We forgive you Ashton Kutcher, but you’ve made yet another Twitter mistake

We forgive you Ashton Kutcher, but you’ve made yet another Twitter mistake
Drew Olanoff

Drew Olanoff was The Next Web's West Coast Editor. He coined the phrase "Social Good" and invented the "donation by action" model for onlin Drew Olanoff was The Next Web's West Coast Editor. He coined the phrase "Social Good" and invented the "donation by action" model for online charitable movements. He founded #BlameDrewsCancer. You can follow him on Twitter, Google+, Facebook, or email [email protected]

Last night, entrepeneur and actor Ashton Kutcher tweeted about the firing of Penn State University football coach Joe Paterno. He didn’t have the facts of his firing, which involves child molestation charges against another member of his staff, but defended Paterno anyway.

That is a forgivable offense, we all make mistakes and say things that we wish we could take back after having all of the facts. However, when you have over 8 million followers like Kutcher does, it’s hard to do that. Kutcher decided to delete his original tweet, and that was his second mistake. He apologized profusely and honestly, but received responses calling him things like an “Idiot”, and other words that I’d rather not publish here.

Regardless of what I feel personally about what he said, deleting a tweet only makes things worse. The internet never really forgets, and people took screenshots and shared the tweet on every publishing platform known to man.

Today, he made his third, and perhaps final, Twitter mistake.

In a tweet to a post on Posterous, Kutcher again apologized for his words, but reacted with a solution that actually shocked me, and some of my colleagues.

Here are some of Kutcher’s words from the post, which you can read in its entirety here.

Up until today I have posted virtually everyone of [sic] my tweets on my own, but clearly the platform has become to big to be managed by a single individual. When I started using twitter it was a communication platform that people could say what they are thinking in real time and and [sic] if their facts where wrong the community would quickly and helpfully reframe an opinion. It was a conversation, a community driven education tool, and opionion [sic] center that encouraged healthy debate. It seems that today that twitter has grown into a mass publishing platform, where ones tweets quickly become news that is broadcated [sic] around the world and misinformation becomes volitile [sic] fotter [sic] for critics.

Twitter is still a place to share your thoughts, opinions, and ideas in real-time. We all make mistakes, but in what seems like damning words for the future of Twitter, Kutcher has seemed to have changed his mind about the platform that he has invested in.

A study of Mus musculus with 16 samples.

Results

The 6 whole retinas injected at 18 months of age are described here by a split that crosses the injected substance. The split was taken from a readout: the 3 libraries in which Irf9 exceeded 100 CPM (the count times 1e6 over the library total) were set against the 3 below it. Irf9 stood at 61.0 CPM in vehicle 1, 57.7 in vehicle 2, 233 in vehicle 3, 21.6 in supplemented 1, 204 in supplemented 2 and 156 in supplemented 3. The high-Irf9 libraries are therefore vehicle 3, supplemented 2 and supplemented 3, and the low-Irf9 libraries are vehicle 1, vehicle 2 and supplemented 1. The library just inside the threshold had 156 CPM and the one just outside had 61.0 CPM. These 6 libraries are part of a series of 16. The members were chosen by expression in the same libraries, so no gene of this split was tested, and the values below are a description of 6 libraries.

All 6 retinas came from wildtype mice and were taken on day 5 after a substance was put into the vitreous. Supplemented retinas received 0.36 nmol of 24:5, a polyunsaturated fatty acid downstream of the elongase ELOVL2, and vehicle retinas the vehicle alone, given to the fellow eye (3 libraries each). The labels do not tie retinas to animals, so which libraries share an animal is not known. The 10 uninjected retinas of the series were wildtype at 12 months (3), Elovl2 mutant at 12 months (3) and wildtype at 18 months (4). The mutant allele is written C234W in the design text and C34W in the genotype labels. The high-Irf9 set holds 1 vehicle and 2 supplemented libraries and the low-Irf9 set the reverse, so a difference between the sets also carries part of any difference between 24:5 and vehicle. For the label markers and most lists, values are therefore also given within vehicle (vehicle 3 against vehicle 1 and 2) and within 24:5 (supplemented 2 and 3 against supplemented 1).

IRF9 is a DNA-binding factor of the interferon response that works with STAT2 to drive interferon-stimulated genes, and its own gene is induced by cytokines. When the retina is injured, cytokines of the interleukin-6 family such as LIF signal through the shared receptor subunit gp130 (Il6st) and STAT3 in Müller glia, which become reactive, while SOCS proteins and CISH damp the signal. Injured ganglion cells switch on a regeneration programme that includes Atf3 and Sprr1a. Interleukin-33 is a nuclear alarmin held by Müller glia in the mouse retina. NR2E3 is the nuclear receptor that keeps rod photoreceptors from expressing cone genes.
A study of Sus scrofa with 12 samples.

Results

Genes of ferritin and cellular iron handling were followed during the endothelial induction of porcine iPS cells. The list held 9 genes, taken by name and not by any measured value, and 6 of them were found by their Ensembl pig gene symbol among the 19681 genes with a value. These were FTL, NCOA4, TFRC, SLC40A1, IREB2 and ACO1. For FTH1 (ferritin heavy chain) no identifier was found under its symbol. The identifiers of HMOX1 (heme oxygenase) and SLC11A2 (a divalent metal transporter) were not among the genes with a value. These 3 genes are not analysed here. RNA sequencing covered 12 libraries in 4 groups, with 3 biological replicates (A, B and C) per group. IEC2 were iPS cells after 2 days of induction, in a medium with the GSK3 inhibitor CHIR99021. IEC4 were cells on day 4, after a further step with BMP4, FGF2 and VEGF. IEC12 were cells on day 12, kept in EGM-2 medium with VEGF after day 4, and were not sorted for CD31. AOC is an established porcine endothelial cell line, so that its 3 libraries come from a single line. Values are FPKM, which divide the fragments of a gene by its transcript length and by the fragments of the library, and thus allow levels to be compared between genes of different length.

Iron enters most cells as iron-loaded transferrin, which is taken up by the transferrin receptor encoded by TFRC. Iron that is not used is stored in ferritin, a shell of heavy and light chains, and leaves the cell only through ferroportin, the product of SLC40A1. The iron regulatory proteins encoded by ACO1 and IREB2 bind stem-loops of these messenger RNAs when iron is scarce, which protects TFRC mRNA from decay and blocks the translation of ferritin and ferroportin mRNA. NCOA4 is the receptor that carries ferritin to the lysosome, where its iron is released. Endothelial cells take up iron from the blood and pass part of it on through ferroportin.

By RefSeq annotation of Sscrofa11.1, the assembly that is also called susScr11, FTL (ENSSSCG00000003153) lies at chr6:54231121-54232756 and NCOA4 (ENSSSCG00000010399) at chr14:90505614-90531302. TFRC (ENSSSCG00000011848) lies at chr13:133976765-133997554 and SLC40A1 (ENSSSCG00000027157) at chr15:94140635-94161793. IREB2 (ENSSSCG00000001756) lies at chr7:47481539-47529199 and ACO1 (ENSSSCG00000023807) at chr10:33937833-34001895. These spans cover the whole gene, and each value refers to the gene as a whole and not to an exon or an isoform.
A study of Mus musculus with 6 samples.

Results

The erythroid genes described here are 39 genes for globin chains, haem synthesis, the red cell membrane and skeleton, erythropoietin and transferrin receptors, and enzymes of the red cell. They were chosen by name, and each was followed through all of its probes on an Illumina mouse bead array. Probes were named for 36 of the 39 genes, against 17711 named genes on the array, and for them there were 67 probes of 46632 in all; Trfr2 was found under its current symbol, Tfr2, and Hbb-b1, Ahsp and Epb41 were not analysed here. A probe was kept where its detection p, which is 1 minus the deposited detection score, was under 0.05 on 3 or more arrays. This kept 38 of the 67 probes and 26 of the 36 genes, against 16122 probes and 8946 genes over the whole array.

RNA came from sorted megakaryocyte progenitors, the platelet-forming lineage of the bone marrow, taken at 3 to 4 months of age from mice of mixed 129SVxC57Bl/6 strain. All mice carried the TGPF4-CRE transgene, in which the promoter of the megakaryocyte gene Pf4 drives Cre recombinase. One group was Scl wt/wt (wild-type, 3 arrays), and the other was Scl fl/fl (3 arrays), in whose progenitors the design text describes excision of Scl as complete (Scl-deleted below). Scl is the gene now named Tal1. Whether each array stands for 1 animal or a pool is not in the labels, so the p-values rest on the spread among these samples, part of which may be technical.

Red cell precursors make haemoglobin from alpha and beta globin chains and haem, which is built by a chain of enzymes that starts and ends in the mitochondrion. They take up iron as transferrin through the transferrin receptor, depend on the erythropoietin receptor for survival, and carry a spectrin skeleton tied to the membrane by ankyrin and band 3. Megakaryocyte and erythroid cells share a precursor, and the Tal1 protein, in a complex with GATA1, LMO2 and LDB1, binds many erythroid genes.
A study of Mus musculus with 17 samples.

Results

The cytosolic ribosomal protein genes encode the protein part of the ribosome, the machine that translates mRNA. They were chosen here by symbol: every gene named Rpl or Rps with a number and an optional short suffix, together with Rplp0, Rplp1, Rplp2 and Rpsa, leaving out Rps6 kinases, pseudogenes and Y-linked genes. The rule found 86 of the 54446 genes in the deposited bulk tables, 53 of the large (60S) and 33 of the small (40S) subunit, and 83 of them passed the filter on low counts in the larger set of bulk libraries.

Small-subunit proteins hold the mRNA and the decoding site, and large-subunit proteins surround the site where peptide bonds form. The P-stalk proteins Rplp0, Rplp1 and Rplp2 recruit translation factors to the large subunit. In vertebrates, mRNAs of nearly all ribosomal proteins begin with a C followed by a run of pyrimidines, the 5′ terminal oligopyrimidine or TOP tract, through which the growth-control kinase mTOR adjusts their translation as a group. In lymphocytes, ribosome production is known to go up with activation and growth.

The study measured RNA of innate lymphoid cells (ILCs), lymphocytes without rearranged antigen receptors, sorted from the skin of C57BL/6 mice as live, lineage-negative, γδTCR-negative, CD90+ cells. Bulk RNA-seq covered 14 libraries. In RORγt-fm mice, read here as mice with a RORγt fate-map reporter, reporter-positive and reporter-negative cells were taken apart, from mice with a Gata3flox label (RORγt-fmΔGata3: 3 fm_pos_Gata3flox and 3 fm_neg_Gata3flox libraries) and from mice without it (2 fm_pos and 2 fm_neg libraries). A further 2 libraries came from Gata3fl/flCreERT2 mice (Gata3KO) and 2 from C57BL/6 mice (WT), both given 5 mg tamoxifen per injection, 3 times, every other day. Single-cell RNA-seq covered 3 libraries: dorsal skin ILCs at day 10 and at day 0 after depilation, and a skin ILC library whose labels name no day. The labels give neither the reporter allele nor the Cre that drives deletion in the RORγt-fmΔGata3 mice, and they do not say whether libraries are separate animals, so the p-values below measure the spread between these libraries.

Everything that you can post on is technically a “publishing platform”. Facebook is a publishing platform, as is YouTube. But what Mr. Kutcher needs to realize is the internet has trolls and angry people on it, because the internet is made up of people from all over the world. When you have 8 million followers, you’re bound to irritate someone with almost every click of a post.

With his new-found feelings about Twitter after last night’s incident, Ashton Kutcher has found a solution, let a management team handle his account.

A collection of over 8 million followers is not to be taken for granted. I feel responsible for delivering an informed opinion and not spreading gossip or rumors through my twitter feed. While I feel that running this feed myself gives me a closer relationship to my friends and fans I’ve come to realize that it has grown into more that a fun tool to communicate with people. While I will continue to express myself through @Aplusk I’m going to turn the management of the feed over to my team at Katalyst Media to ensure the quality of it’s content [sic]. My sincere apologies to anyone who I offended. It was a mistake that I don’t think will not happen again.

While the actor is indeed a brand in and of himself, this decision is one that could turn the use of and opinions about Twitter on its ear. It sounds like using Twitter has become simply “too much” for Kutcher to manage. This decision seems strange to me, because it’s primarily an outbound publication system, with you controlling what and if you communicate reciprocally on. It’s not as if strangers can publish to his account, or change his words around. It’s almost as if saying that using words to speak out loud is too much to manage, so someone else will speak for you instead.

Ashton Kutcher has done amazing things for social media and social good, backing such movements as #EndMalaria and his own organization against the illegal trafficking of children for sexual purposes. After reading many of the angry responses last night, most people were just venting about this one event, and not his entire usage of Twitter as a service or platform.

Perhaps saying “Hey, I messed up let’s move on” would have been a better “strategy”. What do I know, I don’t have the responsibility of having over 8 million Twitter followers. Twitter is still a place for communication for a lot of people, and not seen as simply a publishing platform.

What are your thoughts on Kutcher’s decision? Share them in the comments.